Rent Shop Volunteer Join

Q. Who is Mr. Smarty Plants?

A: There are those who suspect Wildflower Center volunteers are the culpable and capable culprits. Yet, others think staff members play some, albeit small, role. You can torture us with your plant questions, but we will never reveal the Green Guru's secret identity.

Help us grow by giving to the Plant Database Fund or by becoming a member

Did you know you can access the Native Plant Information Network with your web-enabled smartphone?

Share

Ask Mr. Smarty Plants

Ask Mr. Smarty Plants is a free service provided by the staff and volunteers at the Lady Bird Johnson Wildflower Center.

Search Smarty Plants
See a list of all Smarty Plants questions

Please forgive us, but Mr. Smarty Plants has been overwhelmed by a flood of mail and must take a break for awhile to catch up. We hope to be accepting new questions again soon. Thank you!

Need help with plant identification, visit the plant identification page.

 
rate this answer
Not Yet Rated

Thursday - June 28, 2012

From: Pflugerville, TX
Region: Southwest
Topic: Planting, Trees
Title: Installing limestone walkway around trees from Pflugerville TX
Answered by: Barbara Medford

QUESTION:

Dear Mr. Smarty Plants:I wish to install a limestone walkway in my front yard, however, there are some roots(~ 1.25 inch) in the designated area. Will this hurt or kill the tree if I cut these away? There are much bigger roots that I will not touch. The tree is about 27 years old and needs some pruning attention.

ANSWER:

Since you did not say what kind of tree you were planning to cut away, it's hard for us to say. We know it won't do any tree any good to have roots that size cut or taken out. If the tree is an oak, we urge to you read the website on Texas Oak Wilt to know just how bad the hurt could be. Same goes for pruning. If it is an oak, no cutting until December to January, when the Nitidulid beetle is not actively taking  the oak wilt fungus around. Any time any tree is pruned, pruning wounds bigger than your thumb should be painted with pruning paint.

The other thing we would mention about this project is that those very same roots are not going to tolerate that limestone walkway graciously. The roots are going to be pushing up to get oxygen and water, as well as growing outward searching for nutrition in the soil.

We found some websites that didn't mention allowing for tree roots but did give some good instructions:

eHow - How to Install a Limestone Walkway

eHow - How to Use Decomposed Granite for Walkways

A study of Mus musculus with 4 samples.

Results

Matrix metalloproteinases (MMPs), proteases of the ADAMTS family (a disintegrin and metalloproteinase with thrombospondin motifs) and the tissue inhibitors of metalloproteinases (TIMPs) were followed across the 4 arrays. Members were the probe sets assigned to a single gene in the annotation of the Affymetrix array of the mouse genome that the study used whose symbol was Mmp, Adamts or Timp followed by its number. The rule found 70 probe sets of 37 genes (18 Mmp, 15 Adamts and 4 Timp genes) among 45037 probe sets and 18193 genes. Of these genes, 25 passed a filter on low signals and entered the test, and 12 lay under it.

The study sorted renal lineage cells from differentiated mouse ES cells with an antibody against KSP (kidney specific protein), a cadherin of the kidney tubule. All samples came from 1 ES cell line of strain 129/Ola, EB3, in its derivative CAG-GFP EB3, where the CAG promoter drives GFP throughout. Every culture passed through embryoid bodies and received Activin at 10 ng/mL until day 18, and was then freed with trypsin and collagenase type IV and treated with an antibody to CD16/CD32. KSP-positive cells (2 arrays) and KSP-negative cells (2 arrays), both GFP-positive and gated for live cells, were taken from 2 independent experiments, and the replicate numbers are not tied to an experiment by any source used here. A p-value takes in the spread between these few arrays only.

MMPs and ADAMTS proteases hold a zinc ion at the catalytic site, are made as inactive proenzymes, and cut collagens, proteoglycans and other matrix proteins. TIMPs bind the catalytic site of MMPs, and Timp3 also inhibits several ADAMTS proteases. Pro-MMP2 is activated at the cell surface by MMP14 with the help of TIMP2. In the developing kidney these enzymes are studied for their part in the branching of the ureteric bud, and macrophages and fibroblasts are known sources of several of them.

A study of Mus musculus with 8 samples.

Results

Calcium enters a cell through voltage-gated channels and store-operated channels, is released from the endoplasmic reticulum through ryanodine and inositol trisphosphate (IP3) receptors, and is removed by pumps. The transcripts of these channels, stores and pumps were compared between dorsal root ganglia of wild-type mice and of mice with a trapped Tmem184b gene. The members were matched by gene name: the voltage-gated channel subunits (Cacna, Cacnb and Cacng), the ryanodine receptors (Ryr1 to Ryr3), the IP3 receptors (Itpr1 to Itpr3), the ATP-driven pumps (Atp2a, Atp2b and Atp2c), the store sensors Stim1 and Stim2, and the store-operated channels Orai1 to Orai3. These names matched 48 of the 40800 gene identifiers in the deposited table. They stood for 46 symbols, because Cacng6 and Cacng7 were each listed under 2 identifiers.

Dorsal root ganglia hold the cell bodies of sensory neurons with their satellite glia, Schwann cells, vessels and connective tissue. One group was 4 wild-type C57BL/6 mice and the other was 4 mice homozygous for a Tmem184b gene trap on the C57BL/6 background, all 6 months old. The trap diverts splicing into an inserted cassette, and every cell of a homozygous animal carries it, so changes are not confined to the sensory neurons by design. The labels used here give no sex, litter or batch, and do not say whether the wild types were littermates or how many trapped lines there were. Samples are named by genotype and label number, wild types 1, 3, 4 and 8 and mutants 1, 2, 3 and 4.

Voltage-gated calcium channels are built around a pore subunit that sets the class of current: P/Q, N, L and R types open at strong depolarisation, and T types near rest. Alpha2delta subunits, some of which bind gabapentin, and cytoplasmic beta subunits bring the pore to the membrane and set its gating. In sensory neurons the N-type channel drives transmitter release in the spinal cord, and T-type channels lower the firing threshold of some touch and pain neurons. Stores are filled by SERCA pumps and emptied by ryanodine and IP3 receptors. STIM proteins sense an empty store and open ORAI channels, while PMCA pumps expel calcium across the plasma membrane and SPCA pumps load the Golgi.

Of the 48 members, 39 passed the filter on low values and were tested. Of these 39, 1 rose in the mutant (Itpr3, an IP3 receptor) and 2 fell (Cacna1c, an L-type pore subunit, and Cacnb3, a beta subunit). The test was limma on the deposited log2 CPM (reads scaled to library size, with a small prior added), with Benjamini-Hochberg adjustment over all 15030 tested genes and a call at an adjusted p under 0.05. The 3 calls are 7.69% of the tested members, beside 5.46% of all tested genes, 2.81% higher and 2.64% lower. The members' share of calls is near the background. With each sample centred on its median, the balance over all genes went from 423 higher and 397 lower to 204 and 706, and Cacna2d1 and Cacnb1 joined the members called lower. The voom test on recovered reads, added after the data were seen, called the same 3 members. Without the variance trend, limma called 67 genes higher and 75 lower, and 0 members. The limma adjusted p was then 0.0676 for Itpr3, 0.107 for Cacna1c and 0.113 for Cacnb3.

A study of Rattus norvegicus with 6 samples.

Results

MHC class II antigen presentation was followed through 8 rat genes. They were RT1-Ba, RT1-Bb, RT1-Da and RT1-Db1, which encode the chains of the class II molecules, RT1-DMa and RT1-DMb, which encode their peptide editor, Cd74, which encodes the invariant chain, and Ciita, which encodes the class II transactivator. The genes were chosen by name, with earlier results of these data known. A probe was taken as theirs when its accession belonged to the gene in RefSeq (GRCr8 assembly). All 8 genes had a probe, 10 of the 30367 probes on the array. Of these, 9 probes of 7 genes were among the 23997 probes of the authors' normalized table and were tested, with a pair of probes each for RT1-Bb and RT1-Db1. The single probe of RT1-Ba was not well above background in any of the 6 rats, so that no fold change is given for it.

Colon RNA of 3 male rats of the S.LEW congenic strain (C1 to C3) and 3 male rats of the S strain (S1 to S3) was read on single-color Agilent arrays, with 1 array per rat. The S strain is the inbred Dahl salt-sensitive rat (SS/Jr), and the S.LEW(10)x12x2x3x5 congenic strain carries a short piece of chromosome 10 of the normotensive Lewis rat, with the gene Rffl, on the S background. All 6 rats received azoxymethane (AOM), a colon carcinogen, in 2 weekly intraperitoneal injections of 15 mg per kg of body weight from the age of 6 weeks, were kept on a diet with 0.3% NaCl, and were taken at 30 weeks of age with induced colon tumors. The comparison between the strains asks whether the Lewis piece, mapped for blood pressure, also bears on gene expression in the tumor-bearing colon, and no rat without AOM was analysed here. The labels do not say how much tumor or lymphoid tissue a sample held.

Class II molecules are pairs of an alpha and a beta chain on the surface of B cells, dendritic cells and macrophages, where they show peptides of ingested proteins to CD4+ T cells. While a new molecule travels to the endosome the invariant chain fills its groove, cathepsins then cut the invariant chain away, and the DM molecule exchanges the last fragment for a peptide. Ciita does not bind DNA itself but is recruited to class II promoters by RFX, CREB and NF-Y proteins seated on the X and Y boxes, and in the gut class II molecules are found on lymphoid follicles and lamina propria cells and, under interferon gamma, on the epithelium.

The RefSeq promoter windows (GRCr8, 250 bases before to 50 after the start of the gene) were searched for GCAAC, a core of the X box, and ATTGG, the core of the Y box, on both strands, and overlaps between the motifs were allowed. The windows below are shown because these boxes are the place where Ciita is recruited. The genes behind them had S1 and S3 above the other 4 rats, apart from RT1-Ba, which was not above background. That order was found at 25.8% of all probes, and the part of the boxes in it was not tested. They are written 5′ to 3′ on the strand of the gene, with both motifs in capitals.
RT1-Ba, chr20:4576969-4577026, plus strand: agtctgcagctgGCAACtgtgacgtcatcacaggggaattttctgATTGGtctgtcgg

University of Minnesota - Planting Under Existing Trees

Colorado State University Extension - Healthy Roots and Healthy Trees

Learn2Grow - Surface Tree Roots: To Cover or Not to Cover

 

 

More Trees Questions

Pruning lower branches of Cordia Boissieri from San Antonio
December 08, 2013 - My Texas Wild Olive Tree is about 6 feet high now. I bought it at the 2012 plant sale. This past summer it put on new branches near the base of the tree which I would like to cut off (to encourage u...
view the full question and answer

Trees for Plum Grove, TX
October 05, 2013 - Sorry Mr. Smarty pants, my question is I live in Plum Grove Texas, I have 5 acres and NO TREES. What trees were on the property were either taken out by Ike, or the twisters that followed. I have boug...
view the full question and answer

Need trees & shrubs for a 2.5x45 ft. planter box in Chatsworth. CA.
August 07, 2012 - We recently built a pool in our backyard and need to redo all the landscaping. We have a planter that is 45 feet long and about 2.5 feet wide. We'd like to put some trees in this planter that are n...
view the full question and answer

Native Christmas tree from Smithville TX
December 16, 2012 - I've always wanted to use a native tree as a Christmas tree. Do you have any suggestions?
view the full question and answer

Replacement for maple tree lost in Hurricane Sandy from Hauppauge NY
March 17, 2013 - Lost a Maple street tree in Hurricane Sandy, was forty-eight years old. Town will not replace the tree. Must do it on my own. What would you suggest? Nothing that grows too tall.
view the full question and answer

Support the Wildflower Center by Donating Online or Becoming a Member today.